In an exclusive interview, Lanier spoke about Concordance Academy of Leadership, a St. Louis-based non-profit working to reduce reincarceration rates for recently-released felons through personalized support for substance abuse — along with mental health treatment, education, job readiness for employment, housing and legal services. About 77% of those released from prison are rearrested within five years — and 10 million children have experienced parental incarceration during their childhood. As co-chair of the Academy’s recently announced “First Chance” campaign. Lanier is helping to raise $50 million to expand the program to 11 cities. You can learn more at ConcordanceAcademy.org.
We talked some football, too.
I asked the six-time Pro Bowler if the Chiefs winning Super Bowl LIV in February had changed things for veterans of the 1969 team — whether it meant they no longer had to carry so much of the load for the team’s long-suffering fans.
“It’s not really a load for those who played,” said Lanier. “It’s a hope that you — seriously — live long enough to see it again.”
Lanier — who turned 75 in August — said that at the time, he and his teammates had no idea that it would take so long for the Chiefs to get back.
“To think that it might take 50 years for the next thing to happen — in anything that any of us do? 50 years? Half a century?” he asked incredulously.
Once it had taken that long, Lanier — referring to former Chiefs linebacker Dee Ford’s offsides penalty in the 2018 AFC championship game — said that there’s always the worry that such a mistake might be the beginning of another 50-year drought.
“You don’t know whether you’re going to get back that quickly — so that penalty that took you out of play could have been another 50 years; I don’t know. But fortunately, as things occurred, that took one away from you — but then you were able to have the opportunity, and fortunately it all came together.”
Lanier, of course, had lived through another such moment — Garo Yepremian’s field goal that ended the longest game ever played: the Chiefs’ Christmas Day loss to the Miami Dolphins in 1971.
“I know as I watched it arc from the time [Yepremian] struck it from 37 yards away and watched it sail through the air, I was hoping someone might have been having target practice and it would go ‘boom’ before it got there,” Lanier recalled. “But of course, that wasn’t the case.”
It would be 15 years before the Chiefs made the playoffs again — and 20 before they won a playoff game. It was a crushing disappointment for the Chiefs, who had put a very good team on the field in the two seasons following their Super Bowl win.
“It probably was our best team,” said Lanier. “I sometimes go back and forth to the 1970 team, where I think we tied with the Raiders and then missed out on the playoffs. But the team in the Christmas Day game — the longest one ever played — was such that you had a good blend of veterans, maturing players and younger guys who had come on board. So I think that the experience level on average was the best blend of old and young that you could have put together.”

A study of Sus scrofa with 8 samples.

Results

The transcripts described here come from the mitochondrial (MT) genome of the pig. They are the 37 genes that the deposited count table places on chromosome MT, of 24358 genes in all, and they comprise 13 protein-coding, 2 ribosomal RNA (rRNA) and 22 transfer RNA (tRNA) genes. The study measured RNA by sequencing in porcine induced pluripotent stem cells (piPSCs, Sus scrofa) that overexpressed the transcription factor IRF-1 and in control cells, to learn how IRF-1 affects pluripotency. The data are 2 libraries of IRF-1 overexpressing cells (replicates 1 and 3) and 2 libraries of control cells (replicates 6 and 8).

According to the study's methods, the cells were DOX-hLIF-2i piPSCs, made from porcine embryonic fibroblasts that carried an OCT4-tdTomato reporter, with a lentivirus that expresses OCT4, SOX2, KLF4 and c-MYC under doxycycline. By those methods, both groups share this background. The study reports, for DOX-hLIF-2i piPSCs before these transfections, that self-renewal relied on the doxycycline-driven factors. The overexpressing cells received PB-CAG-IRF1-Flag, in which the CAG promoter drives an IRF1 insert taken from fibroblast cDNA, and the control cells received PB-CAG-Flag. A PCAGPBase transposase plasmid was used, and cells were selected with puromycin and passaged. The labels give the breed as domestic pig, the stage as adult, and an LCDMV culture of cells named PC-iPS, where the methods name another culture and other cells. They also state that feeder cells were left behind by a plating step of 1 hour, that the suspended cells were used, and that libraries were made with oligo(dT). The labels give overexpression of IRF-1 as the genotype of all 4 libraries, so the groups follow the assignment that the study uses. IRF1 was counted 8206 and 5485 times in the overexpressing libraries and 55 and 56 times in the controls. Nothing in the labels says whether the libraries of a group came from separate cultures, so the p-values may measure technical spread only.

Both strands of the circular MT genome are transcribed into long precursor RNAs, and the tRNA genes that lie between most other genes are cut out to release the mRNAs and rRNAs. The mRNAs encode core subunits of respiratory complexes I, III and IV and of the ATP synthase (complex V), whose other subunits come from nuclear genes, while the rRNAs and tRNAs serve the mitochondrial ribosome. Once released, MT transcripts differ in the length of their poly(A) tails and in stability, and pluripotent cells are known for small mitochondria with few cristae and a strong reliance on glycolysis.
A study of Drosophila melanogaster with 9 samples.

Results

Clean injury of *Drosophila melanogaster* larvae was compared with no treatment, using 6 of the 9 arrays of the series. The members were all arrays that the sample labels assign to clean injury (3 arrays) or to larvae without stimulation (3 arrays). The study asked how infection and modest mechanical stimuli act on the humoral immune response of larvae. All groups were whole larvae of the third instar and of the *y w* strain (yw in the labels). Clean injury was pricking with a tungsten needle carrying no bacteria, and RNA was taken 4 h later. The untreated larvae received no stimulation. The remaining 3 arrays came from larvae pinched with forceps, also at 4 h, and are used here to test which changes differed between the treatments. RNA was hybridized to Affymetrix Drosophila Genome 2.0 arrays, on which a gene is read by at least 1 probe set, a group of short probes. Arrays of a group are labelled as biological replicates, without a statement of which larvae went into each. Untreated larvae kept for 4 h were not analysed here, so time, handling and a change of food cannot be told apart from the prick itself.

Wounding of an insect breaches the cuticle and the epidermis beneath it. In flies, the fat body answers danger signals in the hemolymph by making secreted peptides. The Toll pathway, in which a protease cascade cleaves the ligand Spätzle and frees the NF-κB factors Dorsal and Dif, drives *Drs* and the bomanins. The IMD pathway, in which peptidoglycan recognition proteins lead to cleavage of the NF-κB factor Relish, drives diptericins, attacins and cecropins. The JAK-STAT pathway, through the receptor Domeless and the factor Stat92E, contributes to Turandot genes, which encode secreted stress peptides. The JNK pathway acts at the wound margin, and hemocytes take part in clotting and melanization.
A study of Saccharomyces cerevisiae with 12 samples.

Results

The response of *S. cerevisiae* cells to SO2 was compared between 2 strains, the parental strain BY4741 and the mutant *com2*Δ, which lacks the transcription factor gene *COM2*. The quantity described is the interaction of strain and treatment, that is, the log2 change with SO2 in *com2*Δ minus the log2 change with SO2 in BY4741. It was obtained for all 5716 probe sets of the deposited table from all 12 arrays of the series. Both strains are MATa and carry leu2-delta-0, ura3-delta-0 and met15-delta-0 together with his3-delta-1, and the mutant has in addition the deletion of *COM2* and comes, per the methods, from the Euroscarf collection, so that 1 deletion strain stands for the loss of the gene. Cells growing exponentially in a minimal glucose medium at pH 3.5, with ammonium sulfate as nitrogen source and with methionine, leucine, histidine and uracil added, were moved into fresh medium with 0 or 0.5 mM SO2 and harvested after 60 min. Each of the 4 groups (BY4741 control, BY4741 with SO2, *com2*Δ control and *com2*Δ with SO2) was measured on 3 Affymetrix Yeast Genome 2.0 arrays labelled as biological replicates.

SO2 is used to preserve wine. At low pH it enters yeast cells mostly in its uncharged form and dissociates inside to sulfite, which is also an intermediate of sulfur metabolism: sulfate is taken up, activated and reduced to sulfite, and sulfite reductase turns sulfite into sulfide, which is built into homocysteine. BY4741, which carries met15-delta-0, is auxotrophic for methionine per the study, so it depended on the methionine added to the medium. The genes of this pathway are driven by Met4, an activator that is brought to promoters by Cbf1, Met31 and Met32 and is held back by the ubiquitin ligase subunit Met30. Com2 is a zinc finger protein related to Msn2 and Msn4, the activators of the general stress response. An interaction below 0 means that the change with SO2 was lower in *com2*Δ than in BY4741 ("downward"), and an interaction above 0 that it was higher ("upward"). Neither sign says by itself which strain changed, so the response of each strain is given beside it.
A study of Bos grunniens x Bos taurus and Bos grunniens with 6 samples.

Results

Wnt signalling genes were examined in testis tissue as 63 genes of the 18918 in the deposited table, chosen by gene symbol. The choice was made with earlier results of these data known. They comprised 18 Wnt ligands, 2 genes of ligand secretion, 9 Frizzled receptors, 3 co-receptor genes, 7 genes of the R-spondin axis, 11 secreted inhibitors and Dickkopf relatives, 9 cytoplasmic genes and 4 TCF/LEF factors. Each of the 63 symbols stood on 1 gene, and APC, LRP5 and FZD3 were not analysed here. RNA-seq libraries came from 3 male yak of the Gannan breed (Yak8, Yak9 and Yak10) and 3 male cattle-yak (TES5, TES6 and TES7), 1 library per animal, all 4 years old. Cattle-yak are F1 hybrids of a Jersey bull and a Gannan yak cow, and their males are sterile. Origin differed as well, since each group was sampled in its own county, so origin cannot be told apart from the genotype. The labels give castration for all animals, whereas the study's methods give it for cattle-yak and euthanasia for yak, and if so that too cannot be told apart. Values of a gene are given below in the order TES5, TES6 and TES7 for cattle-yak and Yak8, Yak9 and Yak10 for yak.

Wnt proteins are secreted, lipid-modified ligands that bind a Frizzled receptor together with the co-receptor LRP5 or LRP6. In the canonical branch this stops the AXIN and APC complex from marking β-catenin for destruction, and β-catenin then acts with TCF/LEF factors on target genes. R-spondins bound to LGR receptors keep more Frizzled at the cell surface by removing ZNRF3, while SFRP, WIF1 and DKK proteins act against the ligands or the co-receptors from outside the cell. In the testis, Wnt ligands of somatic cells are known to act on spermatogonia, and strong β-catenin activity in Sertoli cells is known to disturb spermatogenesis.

Like many of his era, Lanier recognizes that while the modern game is more exciting than it was during his career; it’s just a lot more difficult for defensive players to master.
“Being able to cover someone today is almost impossible,” he said. “You have to know the route. You have to know the space on the defense where the hole is. You have to be like a chess master, because you’re playing against the offensive coordinator trying to find the hole in your defense — and you have to find it before they find it.”
Finally, we talked about one of Lanier’s most famous moments as a Chief: the fourth-quarter goal-line stand in the 1969 Divisional round game against Joe Namath and the defending Super Bowl champion New York Jets. Lanier was quick to point out that the Chiefs found themselves in that position through a grievous mistake by a fellow Chiefs Hall of Famer.
“Mitch Holthus does a great job reviewing that play because of what it did in Chiefs history,” noted Lanier, “but the reality was that was a 40-yard interference penalty on Emmitt Thomas; he was covering George Sauer.”
While the Chiefs’ ability to hold the Jets in that series has often been attributed to Lanier’s emotional leadership — which he didn’t deny — he said that the team was taking a calculated risk. At the one-yard line, the Jets couldn’t afford to risk a long count that might have resulted in a false-start penalty that would move them back five yards. But the Chiefs had realized an offsides penalty carried little risk for them; the Jets would simply move half a yard closer to the goal. So the team got their extra edge on that series of plays by realizing they could afford to try to jump the snap.
Lanier said that success in such moments comes from drawing on your own life experience.
“There comes a unique circumstance that you attempt to use all of you knowledge as an individual and your background as to who you are — not just from playing a sport, but from whatever you’ve done in your life, trying to achieve outcomes, trying to deal with critical moments of decision, trying to think through something that makes sense to you at that moment.”